Each year, Stanford’s Distinguished Careers Institute (DCI) gives around 25 professionals “with major career accomplishments” an opportunity to return to the undergraduate classroom after several decades in the workforce. DCI fellows spend a year alongside undergraduates, living near campus, attending lectures, completing assigned readings and choosing their next career moves.
Although DCI fellows attend lectures alongside younger students, they do not usually write papers, take exams or attend section meetings, and they do not receive grades for their coursework.
DCI founder and former Stanford School of Medicine Dean Philip Pizzo was ready for a career transition of his own when he stepped down from the dean position he held from 2001 to 2012.
Pizzo created DCI to allow eager participants from around the globe to explore their interests, expand their networks and prepare for a healthy and fulfilling next stage in life. DCI is now in its fifth year, and only about 10 percent of applicants are admitted.
“When I was going to college, I had to work full-time and really was focused on taking what I had to take in order to get my degree as quickly as possible,” said current DCI fellow Melissa Dyrdahl, who studied business as an undergrad at San Jose State University and went on to serve as Chief Marketing Officer at Adobe, among other positions. As a DCI fellow, she said she can finally pursue her interests in music, acting, history, poetry and more.
2018 DCI fellow Mark Clapper, an orthopedic surgeon who is now studying the work of Nobel-Prize winning author John Steinbeck, agreed with Dyrdahl’s sentiment.
“There aren’t a lot of literature courses in medical school,” Clapper said.
DCI fellows are not confined to a major like traditional undergraduates, so they can choose whether to focus on one field of study or take a wide variety of classes from both undergraduate and graduate programs. Clapper, for instance, continues to apply his medical knowledge to healthcare policy classes, biodesign and physiology projects, whereas Dyrdahl is especially interested in the Stanford Center on Longevity.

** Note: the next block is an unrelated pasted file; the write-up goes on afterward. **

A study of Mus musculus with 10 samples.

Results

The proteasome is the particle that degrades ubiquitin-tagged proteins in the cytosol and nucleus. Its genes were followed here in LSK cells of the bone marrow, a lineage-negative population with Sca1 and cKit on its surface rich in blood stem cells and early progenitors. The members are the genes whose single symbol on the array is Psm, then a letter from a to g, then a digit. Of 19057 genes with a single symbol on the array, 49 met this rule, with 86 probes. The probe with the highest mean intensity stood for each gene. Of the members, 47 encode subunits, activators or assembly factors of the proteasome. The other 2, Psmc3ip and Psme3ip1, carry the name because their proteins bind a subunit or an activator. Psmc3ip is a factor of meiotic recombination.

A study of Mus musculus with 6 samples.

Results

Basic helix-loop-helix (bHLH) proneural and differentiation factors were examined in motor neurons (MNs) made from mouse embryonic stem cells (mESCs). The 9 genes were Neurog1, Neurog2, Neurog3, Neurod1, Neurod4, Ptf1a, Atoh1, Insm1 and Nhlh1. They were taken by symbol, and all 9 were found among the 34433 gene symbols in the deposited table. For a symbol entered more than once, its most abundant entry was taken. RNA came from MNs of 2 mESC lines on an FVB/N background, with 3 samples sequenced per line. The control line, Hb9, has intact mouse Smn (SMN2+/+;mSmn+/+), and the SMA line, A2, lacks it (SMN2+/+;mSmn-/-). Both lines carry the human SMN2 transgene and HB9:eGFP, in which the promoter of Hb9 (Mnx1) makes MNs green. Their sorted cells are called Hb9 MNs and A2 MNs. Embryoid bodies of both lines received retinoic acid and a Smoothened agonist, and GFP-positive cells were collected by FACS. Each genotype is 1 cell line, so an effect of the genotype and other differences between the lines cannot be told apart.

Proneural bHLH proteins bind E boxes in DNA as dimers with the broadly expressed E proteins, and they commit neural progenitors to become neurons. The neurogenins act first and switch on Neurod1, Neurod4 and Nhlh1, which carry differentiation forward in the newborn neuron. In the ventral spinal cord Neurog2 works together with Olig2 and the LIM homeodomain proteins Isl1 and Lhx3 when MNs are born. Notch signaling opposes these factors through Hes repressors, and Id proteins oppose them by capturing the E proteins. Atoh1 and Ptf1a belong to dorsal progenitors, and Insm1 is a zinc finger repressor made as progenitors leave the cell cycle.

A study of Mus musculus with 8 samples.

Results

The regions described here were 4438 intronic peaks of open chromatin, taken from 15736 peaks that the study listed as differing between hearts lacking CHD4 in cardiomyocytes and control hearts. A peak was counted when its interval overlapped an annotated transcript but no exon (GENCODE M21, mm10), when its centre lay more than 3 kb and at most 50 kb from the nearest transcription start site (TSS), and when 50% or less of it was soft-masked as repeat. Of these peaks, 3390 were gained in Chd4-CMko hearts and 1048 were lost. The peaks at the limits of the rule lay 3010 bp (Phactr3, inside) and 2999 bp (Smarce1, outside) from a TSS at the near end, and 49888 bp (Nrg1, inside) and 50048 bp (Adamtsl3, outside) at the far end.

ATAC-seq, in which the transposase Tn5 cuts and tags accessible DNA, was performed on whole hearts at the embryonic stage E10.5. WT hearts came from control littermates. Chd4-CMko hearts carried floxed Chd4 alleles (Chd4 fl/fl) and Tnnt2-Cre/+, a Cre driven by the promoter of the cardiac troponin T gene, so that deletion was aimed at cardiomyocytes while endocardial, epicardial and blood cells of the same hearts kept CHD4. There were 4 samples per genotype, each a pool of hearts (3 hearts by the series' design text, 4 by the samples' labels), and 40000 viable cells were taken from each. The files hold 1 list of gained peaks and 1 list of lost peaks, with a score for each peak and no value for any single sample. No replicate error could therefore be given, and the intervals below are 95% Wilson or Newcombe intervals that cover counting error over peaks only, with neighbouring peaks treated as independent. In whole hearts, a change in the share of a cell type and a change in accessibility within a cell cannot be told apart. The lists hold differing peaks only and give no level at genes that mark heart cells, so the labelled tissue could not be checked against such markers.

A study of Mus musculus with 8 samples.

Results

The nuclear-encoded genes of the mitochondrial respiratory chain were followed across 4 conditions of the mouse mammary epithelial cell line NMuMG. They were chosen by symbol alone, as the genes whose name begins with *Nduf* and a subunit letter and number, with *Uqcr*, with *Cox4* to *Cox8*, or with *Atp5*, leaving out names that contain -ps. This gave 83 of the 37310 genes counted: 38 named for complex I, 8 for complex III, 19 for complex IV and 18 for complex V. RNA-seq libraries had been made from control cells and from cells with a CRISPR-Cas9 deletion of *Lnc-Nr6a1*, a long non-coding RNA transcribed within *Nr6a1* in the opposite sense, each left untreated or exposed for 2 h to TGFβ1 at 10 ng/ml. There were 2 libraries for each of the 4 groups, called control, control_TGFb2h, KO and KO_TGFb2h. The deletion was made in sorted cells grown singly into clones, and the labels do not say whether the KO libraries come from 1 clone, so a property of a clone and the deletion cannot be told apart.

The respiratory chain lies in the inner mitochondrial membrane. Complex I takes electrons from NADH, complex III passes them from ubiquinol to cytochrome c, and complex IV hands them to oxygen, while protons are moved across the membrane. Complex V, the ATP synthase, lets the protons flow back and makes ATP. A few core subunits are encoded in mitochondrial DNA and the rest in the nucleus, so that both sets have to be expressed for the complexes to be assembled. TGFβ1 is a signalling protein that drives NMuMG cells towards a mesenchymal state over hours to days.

Neither Dyrdahl nor Clapper has decided what they will do after their fellowship ends, but DCI has sparked new interests among them. These new interests could open the door to a new career, the fellows say. For the moment, though, they are relishing their time in the classroom.
Religious Studies Department Chair and Chinese Buddhism professor John Kieschnick counted several DCI fellows among his recent students. Kieschnick said his experience with the fellows has been “overwhelmingly positive.” He appreciates the perspective they add in discussion-based courses, calling it “a kind of diversity, age diversity, that’s really interesting and useful.”
When students split into small groups for discussion, Kieschnick encourages the DCI fellows to disperse themselves so that everyone gets to talk to students of varied ages. Kieschnick, like Pizzo, said he considers intergenerational discussion an important skill that students will need for the world outside Stanford.
Still, Dyrdahl was initially a little nervous about how undergrads would react to her age.
“It’s like you’re sitting there next to someone who looks like your mom,” she said.
Nevertheless, she said it has ultimately been a positive experience interacting with young people. When younger students ask her for career advice, she’s happy to provide it.
“If there is a drawback,” Kieschnick said, “[it’s that] there’s a potential for the DCI fellows to be less engaged in the class than the undergraduates because there’s less at stake for them.”
Still, he emphasized that fellows have largely added value to his classes.
Similarly to first-year Stanford students, DCI fellows gain not only new knowledge but also new friends through the program. Clapper decided to organize a lecture series for his DCI cohort to keep their social network active.
“The first day you’re like, ‘Who are these people?’ and a month later, ‘These are all my best friends,’” Dyrdahl said.
Pizzo hoped such friendships would emerge when he designed the program. As a doctor, he said DCI works to foster interpersonal relationships, intellectual engagement, a sense of purpose and physical fitness among fellows, as all of these elements factor into long-term health and well-being.
The University of Texas at Austin has formed a program modeled on Stanford’s DCI. According to Pizzo, similar programs are set to emerge at a wide variety of universities and other institutions as well.
Clapper hopes these will include community colleges and other centers accessible to adults without advanced degrees.
As lifespans and retirement ages continue to increase, Pizzo said, an increased number of people will seek fulfilling second acts, with DCI providing an avenue in this pursuit.
Contact Jasmine Kerber at jkerber ‘at’ stanford.edu.